Multiple risk factors can influence a woman’s chance of developing breast cancer during her lifetime. While many of these risk factors are controllable, such as being overweight after menopause, being physically inactive and drinking alcohol, other risk factors, like age, are beyond a woman’s control. This is not to say that every woman will develop breast cancer as she advances in age. However, the risk of breast cancer does increase with age.
Breast cancer can strike women of any age – from the very young to the elderly – but you are far from helpless in your defense against this disease. Understanding how age affects breast cancer risk can motivate you to adhere to recommended screenings, like breast exams and mammograms, to better support early detection.
How is Age and Breast Cancer Risk Linked?
According to the National Cancer Institute, a woman in the United States has a 12.8% chance of developing breast cancer at some point in her lifetime. This chance has fluctuated only slightly over the last ten years. While this figure may seem high, there are some important caveats you should know. First of all, this 1 in 8 chance represents an average for all American women. Some women, such as those with relatives who have battled breast cancer, have a higher personal risk. Other women will have a much lower personal risk.
Another important point is that the 12.8% risk is not constant throughout a lifespan. In other words, a 25-year-old woman has a much lower breast cancer risk than she would at 65. Breast cancer risk increases as a woman ages. For example, a 30-year-old woman has a chance of only 1 in 208 of being diagnosed with breast cancer in the next decade. In comparison, a 70-year-old woman’s ten-year chance of developing breast cancer is much higher at 1 in 25. The majority of breast cancer cases in the US are discovered in women age 50 and older.
What About Other Risk Factors?
The CDC provides an excellent outline of breast cancer risks. In addition to age, family history and genetics are two other significant but uncontrollable breast cancer risk factors. Having close relatives, such as a mother or sisters, with breast cancer increases a woman’s own breast cancer risk. Also, having certain genetic mutations like the BRCA1 gene can raise the likelihood of developing breast cancer. Being aware of these risk factors and communicate them to your healthcare team so they can assess your risk and monitor you as needed.
Controllable risk factors include obstetric history, alcohol intake and weight. Women who have their first child after age 30 or who never carry a pregnancy to term have a greater breast cancer risk than other women. Also, heavy drinking can increase your chances of developing breast cancer, as well as other chronic diseases.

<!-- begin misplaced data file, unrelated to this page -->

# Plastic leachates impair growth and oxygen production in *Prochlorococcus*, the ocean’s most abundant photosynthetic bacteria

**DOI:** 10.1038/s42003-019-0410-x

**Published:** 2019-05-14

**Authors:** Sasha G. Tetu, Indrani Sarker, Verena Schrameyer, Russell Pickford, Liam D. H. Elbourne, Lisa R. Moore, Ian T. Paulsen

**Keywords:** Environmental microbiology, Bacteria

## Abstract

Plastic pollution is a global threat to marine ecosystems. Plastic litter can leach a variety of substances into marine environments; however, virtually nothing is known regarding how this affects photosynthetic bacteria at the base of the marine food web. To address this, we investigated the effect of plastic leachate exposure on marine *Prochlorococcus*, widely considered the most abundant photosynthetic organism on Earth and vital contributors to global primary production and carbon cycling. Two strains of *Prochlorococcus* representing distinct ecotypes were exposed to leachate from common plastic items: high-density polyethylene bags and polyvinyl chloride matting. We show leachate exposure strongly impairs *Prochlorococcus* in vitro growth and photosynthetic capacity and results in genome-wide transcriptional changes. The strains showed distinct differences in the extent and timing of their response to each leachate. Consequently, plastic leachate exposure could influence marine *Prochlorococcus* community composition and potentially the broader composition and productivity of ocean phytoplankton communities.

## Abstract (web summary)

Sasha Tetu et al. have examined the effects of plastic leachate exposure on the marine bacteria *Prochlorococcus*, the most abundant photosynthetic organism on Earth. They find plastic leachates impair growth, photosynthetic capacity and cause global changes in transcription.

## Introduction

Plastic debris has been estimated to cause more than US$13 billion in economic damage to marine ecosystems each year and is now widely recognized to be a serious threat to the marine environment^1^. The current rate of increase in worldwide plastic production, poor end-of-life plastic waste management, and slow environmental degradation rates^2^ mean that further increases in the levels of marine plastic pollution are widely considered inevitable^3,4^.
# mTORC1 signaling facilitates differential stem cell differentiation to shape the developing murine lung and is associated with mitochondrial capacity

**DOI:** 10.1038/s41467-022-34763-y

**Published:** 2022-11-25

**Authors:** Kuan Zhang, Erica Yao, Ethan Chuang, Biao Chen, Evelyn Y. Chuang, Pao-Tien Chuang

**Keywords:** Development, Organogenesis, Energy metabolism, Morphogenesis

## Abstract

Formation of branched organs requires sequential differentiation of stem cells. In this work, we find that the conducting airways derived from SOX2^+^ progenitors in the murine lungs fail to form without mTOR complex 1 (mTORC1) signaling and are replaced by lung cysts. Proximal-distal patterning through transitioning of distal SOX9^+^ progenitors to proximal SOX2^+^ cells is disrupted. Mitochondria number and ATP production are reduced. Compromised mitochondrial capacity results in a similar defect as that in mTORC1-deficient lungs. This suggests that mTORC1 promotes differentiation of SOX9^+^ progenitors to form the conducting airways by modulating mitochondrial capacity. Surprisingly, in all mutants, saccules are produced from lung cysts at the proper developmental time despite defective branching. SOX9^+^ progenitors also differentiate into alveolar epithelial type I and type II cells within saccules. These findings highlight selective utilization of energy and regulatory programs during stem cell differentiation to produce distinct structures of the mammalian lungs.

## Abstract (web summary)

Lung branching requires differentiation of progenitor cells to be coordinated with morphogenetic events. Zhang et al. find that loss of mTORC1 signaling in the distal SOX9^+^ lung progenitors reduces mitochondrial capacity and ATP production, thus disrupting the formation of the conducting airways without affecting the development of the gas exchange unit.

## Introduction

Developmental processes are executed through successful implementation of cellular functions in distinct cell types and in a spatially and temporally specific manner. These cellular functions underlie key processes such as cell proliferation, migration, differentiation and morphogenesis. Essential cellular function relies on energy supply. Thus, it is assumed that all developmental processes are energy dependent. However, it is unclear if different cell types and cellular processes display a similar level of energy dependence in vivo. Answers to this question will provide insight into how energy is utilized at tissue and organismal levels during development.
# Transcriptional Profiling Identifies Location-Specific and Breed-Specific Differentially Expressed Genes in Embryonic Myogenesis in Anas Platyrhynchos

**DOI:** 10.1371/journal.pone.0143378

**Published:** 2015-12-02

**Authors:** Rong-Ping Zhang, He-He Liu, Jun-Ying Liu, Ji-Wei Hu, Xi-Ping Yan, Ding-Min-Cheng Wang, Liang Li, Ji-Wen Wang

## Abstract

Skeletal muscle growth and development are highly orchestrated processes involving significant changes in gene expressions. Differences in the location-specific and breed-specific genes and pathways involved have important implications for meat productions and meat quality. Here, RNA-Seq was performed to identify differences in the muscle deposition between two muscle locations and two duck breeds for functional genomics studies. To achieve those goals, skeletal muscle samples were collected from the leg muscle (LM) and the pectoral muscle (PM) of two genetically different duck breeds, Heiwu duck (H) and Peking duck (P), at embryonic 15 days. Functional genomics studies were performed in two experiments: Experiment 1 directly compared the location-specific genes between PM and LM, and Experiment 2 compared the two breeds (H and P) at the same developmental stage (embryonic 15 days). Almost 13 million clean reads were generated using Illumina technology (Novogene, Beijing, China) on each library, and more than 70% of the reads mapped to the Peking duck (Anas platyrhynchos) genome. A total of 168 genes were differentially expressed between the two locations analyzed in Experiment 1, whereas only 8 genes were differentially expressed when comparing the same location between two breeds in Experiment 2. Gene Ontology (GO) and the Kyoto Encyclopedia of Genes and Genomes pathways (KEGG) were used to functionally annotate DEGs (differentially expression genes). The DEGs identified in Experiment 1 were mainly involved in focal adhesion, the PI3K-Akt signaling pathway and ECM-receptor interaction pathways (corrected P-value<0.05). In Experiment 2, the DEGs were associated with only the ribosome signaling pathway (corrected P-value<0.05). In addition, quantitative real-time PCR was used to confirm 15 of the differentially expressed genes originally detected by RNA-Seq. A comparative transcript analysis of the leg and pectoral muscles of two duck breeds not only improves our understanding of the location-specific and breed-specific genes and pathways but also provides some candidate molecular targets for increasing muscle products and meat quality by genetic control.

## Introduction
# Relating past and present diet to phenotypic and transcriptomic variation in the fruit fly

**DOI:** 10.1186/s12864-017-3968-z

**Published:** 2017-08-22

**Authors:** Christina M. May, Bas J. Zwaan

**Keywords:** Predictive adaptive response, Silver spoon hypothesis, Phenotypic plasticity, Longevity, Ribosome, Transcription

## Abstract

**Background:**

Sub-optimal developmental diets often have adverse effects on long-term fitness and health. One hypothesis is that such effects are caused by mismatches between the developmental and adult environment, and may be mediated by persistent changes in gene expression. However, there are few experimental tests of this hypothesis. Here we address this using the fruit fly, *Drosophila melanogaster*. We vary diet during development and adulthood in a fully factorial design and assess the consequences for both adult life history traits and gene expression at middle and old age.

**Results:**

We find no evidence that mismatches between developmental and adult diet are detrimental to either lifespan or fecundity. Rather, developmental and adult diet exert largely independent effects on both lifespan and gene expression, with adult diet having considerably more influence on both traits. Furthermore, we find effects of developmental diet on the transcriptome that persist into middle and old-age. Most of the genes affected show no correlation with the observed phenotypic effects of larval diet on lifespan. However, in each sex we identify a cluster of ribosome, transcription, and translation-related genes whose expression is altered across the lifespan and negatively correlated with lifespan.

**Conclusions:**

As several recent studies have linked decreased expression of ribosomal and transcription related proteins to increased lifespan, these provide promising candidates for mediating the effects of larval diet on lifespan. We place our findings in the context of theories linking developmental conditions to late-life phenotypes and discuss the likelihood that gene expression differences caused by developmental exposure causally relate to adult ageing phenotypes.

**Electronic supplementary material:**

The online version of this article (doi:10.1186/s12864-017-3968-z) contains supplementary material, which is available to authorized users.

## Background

Recent research has reinforced the importance of weight control in reducing breast cancer risk, especially among older women. A study of more than 180,000 women over ten years showed that steady weight loss of even very modest amounts was linked to a lower risk of breast cancer in women over 50 years old. These results illustrate the value of weight loss in the postmenopausal years.
What Steps Should You Take?
You should begin mammographic surveillance for signs of breast cancer at age 40 or sooner in certain cases. Be aware if you have dense breasts that may interfere with mammography. The American College of Obstetricians and Gynecologists also recommends that you practice “breast self-awareness.” This term means that you get to know the shape, size, consistency, and feel of your breasts and nipples and that you report any changes to your OB-GYN immediately.
However, breast self-awareness is no substitute for a clinical examination by an expert. You should be receiving regular breast exams from your OB-GYN as part of your well-woman care. These examinations are an important component of the overall evaluation and early detection of breast cancer. Even if you can’t eliminate uncontrollable risk factors like your age, you can increase your chances of surviving breast cancer by following surveillance recommendations.
About the Connecticut OBGYN Practice
Dr. John Garofalo, M.D., is a CT OBGYN based in Fairfield County, providing care for Norwalk, Darien, New Canaan, Weston, Rowayton and the surrounding areas. He has more than 20 years of practice and surgical experience covering many facets of obstetrics and gynecology.
Laury Berkwitt, APRN, is a nurse practitioner specializing in women’s health in Fairfield County, Connecticut. Women undergoing signs and symptoms of menopause can make an appointment with Laury for Hormone Replacement Therapy. Laury has a passion for providing quality women’s health care in a safe and comfortable manner by creating a trusting patient-practitioner relationship. She has been in practice for more than 10 years, caring for women of all ages.